Yet another Mydoom worm has hit. The new variant targets the Web sites of eternal whipping boy Microsoft and song-swapper foe Recording Industry Association of America.
Mydoom-F works in a way very similar to Mydoom-A -- so much so that experts think the creator of Mydoom-F used the source code of the Mydoom-A to create it. The code for Mydoom-A is widely available because Mydoom-B dropped the source code for A on victims' computers.
Mydoom-F does something different than its predecessors. The worm randomly deletes files such as Excel spreadsheets and pictures. This is the first time in recent memory that a worm has been so randomly destructive.
"It's not nearly as widespread as Mydoom-A, but it's of more concern to end users, as it's so destructive," said Mikko Hypponen, manager of antivirus research for Finland-based F-Secure Corp.
Hypponen recommends that users turn off machines that may be infected, because the worm runs a continuous loop that deletes files. "If you leave it on overnight, then it will destroy all your files," he said.
The worm looks for files to delete when it's searching the drives on infected machines for e-mail addresses to harvest. It then sends itself to the culled addresses using its SMTP engine. Mydoom-F doesn't send messages to certain e-mail domains, including those used by government agencies and antivirus companies.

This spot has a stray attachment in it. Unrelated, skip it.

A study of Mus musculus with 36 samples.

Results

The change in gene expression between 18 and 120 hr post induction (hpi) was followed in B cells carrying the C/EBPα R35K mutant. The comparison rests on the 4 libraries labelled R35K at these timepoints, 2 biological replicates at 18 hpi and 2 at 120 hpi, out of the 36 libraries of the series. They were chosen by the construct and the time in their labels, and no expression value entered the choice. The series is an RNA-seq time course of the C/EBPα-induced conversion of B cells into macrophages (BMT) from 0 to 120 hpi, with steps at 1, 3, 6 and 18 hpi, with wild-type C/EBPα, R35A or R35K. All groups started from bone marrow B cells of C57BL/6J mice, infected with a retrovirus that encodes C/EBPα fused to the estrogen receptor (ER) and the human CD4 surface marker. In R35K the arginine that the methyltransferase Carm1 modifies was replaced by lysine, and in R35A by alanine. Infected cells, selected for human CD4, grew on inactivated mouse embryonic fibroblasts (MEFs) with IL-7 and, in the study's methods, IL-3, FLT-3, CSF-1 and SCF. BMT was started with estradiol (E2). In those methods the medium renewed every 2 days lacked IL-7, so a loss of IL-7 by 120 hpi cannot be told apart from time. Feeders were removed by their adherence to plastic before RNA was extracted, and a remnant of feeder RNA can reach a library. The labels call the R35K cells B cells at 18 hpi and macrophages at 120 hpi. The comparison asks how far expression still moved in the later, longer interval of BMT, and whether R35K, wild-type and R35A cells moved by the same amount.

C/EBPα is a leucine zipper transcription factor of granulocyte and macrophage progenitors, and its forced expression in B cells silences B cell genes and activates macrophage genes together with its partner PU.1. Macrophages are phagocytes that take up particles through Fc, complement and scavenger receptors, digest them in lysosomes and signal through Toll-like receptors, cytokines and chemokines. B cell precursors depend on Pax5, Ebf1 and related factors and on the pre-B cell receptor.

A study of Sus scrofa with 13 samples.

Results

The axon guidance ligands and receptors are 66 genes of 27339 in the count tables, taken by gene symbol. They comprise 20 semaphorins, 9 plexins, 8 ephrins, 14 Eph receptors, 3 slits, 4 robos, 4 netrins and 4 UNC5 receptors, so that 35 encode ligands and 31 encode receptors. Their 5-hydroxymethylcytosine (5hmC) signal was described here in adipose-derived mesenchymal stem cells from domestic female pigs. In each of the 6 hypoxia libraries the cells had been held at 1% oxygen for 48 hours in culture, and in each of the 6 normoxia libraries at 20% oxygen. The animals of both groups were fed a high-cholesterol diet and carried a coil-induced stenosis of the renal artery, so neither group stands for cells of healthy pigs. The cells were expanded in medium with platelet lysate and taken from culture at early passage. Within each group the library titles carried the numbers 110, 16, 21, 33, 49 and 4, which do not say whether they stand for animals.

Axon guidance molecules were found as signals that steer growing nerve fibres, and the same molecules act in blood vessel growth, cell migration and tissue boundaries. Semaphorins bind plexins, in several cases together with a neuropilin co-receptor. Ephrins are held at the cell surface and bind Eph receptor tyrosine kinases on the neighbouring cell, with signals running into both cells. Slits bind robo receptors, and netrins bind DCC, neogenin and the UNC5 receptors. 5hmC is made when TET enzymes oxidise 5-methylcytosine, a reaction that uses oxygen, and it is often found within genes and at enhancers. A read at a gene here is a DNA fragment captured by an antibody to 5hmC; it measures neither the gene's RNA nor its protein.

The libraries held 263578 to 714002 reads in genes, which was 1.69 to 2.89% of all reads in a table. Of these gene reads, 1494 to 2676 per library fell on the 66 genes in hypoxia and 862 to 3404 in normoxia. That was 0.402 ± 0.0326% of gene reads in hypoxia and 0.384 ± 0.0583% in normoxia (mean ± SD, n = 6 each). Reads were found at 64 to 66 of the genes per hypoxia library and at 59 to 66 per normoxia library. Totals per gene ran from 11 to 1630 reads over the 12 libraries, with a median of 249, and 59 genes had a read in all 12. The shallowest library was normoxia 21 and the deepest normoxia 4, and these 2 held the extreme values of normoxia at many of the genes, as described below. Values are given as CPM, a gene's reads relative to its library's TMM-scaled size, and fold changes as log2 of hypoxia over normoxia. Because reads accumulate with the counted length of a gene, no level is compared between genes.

Like earlier Mydoom worms, Mydoom-F uses a variety of subject lines and sets of body text. The subject lines of messages carrying the worm are sometimes blank; sometimes they contain text such as "read it immediately" and "undeliverable message." The message says things such as "Greetings" and "Read the details."
When opened, the worm copies itself to the Windows system directory and gives itself a random file name. It also tries to shut down file processes of common antivirus products.
The worm opens up TCP port 1080 on infected machines, which can allow the worm's creator to communicate with machines. It also opens of a range of ports, from 3000 to 5000.
Mydoom-F also does a distributed denial-of-service attack on www.microsoft.com and www.riaa.com if the system clock is between the 17th and 22nd of the month. However, Mydoom-F doesn't seem to have spread enough to perform an attack serious enough to affect Microsoft or the RIAA, Hypponen said.
In other malicious code news, some companies are seeing Netsky-B, which first surfaced last week, pick up some speed. "I think it shows that some people are not keeping their antivirus software up to date," said Graham Cluley, senior technology consultant with U.K.-based Sophos PLC.
Cluley downplayed reports of a new ICQ IM worm, called Bizex. The worm uses ICQ to entice users to a Web site that exploits a vulnerability in Internet Explorer to drop a Trojan on targeted machines. "The Web site has been taken down, so we don't expect to see any more machines infected by it," he said.